Overstatement Going for Baroque

Humor writers get more recognition in print than in any other medium. Pulitzer Prizes have been awarded to three syndicated columnists who are outstanding humorists: Russell Baker (1979), Ellen Goodman (1980), and Art Buchwald (1982). Even though there is no humor category, Pulitzer judges properly classify humor under "Criticism or Commentary," and all three writers do both.

Russell Baker is a master of literate humor. He is a natural cynic who sees the world as it is, instead of as it should be. In "An Idea That Must be Unfolded Now," note how Baker used exaggeration to describe an early success of his "National Bumbershoot Academy":

The pattern is familiar to us all. If you rise on a rainy morning and go to the closet for your umbrella, you find the umbrella gone. Usually it has gone to the office. If you go to the office on a clear morning, and it rains in the afternoon and you go to the closet for your umbrella, what do you find? Your umbrella is gone. Most cases it has gone home.

From this pattern it was child's play to deduce what was happening. When an umbrella at home realized there would be rain by morning it went to the office. When it was loafing around the office and suddenly sensed an afternoon rain impending, it pulled itself together and went home.

The reason for this behavior baffled men for 20 years, until Spitzstein (head of the agency) explained it in his famous First Law of the Umbrella: "Umbrellas don't like to be wet."

Baker, a tough Washington bureau chief for the New York Times, used humor to report hard news. He called the White House during President Dwight D. Eisenhower's term, "the tomb of the well-known soldier." In 1962 his first humor column was a widely acclaimed lampoon of President John F. Kennedy. Later, he turned his descriptive skill against President Lyndon Johnson, whom he described as "a big, outsized, outlandish char-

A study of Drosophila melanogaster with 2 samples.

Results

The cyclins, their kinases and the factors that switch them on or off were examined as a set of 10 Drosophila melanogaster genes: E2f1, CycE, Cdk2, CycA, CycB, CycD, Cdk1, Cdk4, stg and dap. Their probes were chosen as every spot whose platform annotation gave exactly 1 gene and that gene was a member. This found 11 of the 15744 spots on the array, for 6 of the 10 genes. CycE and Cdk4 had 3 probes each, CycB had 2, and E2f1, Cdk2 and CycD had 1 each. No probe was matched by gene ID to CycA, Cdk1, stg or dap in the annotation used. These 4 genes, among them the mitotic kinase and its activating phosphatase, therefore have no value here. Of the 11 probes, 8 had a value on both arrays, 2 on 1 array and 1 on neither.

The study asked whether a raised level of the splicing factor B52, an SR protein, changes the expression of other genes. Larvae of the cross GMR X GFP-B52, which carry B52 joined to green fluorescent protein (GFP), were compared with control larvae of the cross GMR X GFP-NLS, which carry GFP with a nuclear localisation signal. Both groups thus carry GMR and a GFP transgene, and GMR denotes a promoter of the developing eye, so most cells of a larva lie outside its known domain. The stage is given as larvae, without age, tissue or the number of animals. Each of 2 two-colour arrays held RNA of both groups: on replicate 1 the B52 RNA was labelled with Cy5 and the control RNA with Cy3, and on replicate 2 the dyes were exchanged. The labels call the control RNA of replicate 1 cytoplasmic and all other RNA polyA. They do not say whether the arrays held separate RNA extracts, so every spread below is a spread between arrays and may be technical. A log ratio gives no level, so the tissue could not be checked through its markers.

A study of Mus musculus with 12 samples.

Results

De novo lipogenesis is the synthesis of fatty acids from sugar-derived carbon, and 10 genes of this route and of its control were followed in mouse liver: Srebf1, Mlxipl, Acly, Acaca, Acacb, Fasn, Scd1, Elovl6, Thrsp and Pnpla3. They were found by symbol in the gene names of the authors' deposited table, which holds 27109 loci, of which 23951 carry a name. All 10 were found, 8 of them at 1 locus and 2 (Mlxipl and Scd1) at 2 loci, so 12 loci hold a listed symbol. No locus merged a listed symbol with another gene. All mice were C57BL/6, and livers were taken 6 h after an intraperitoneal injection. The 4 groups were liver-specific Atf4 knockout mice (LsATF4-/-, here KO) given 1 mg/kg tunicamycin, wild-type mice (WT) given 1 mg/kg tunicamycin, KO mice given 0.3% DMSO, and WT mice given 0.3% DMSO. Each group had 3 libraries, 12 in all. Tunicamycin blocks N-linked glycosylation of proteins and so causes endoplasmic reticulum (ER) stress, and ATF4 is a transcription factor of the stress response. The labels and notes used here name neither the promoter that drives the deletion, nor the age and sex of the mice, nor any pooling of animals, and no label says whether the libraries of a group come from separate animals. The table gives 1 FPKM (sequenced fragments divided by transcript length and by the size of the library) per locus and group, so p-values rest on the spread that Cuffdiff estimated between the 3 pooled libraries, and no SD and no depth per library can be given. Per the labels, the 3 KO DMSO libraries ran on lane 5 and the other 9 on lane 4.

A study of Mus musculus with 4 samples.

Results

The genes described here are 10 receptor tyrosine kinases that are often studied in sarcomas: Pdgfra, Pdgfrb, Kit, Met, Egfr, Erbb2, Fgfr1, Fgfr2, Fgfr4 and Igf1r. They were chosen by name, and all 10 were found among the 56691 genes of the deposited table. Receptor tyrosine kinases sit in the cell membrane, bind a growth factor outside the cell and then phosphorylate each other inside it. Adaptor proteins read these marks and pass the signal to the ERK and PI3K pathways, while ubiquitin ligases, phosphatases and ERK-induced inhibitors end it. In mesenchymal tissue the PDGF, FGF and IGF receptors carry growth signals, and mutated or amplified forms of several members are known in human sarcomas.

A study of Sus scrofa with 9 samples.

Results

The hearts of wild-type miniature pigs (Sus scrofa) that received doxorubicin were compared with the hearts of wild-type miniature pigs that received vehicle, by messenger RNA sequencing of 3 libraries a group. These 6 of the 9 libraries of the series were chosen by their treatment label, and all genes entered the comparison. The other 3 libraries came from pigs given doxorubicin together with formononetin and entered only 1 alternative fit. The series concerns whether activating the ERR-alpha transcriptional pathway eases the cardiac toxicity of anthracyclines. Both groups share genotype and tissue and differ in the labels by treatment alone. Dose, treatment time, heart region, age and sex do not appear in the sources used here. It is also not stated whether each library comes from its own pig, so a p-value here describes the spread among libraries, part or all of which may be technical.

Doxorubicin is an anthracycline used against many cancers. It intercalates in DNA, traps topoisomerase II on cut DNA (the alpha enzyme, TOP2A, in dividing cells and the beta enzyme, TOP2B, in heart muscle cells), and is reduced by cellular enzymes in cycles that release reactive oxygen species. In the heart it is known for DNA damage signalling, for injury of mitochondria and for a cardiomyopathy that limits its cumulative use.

their lines, while you've got only a few days to perfect yours. You're bound to come off looking second-rate. Make use of the great lines they've created. Don't compete.

2. If the subject is serious but can be made funny in the phrasing. For example, you can use out-of-character humor, someone who plays a role completely different from what you'd expect: an old lady who rides a motorcycle or a dog who sings along to rock music. And incongruous situations open up hundreds of possibilities.

Of the two possibilities, it's obviously easier to produce humor when the subject is humorous. The humor for the second subject must be gentle, reassuring, predictable. It celebrates ordinary events in a new way. It brings a smile of recognition rather than a hearty laugh. Its success is based upon genuineness of feeling and clarity of writing. These more serious subjects are researched like a regular piece, but then the humor is added to make it more memorable. Don't take extraneous jokes and try to bend them to fit the subject. Humor must come out of reality.

The key to a sale is the perfect marriage of quality humor with the magazine's special interest and audience. One team of comedy writers, Stef and Mary Kaiser Donev, sells regularly to regional medical journals with small pieces like: "Hemorrhoids: they won't kill you—you just wish they would," and "The one sure cure of acne—old age."

They claim a fifteen hundred word article on a subject (like hospital-room etiquette) can contain up to eight humorous anecdotes or jokes and still be considered serious and informative. It isn't designed to keep the patient in stitches—he's probably already there.

The bible for selling magazine articles is the Writer's Market. Updated annually, it has a complete list of magazines, with names and addresses, that are looking for freelance material, including humor.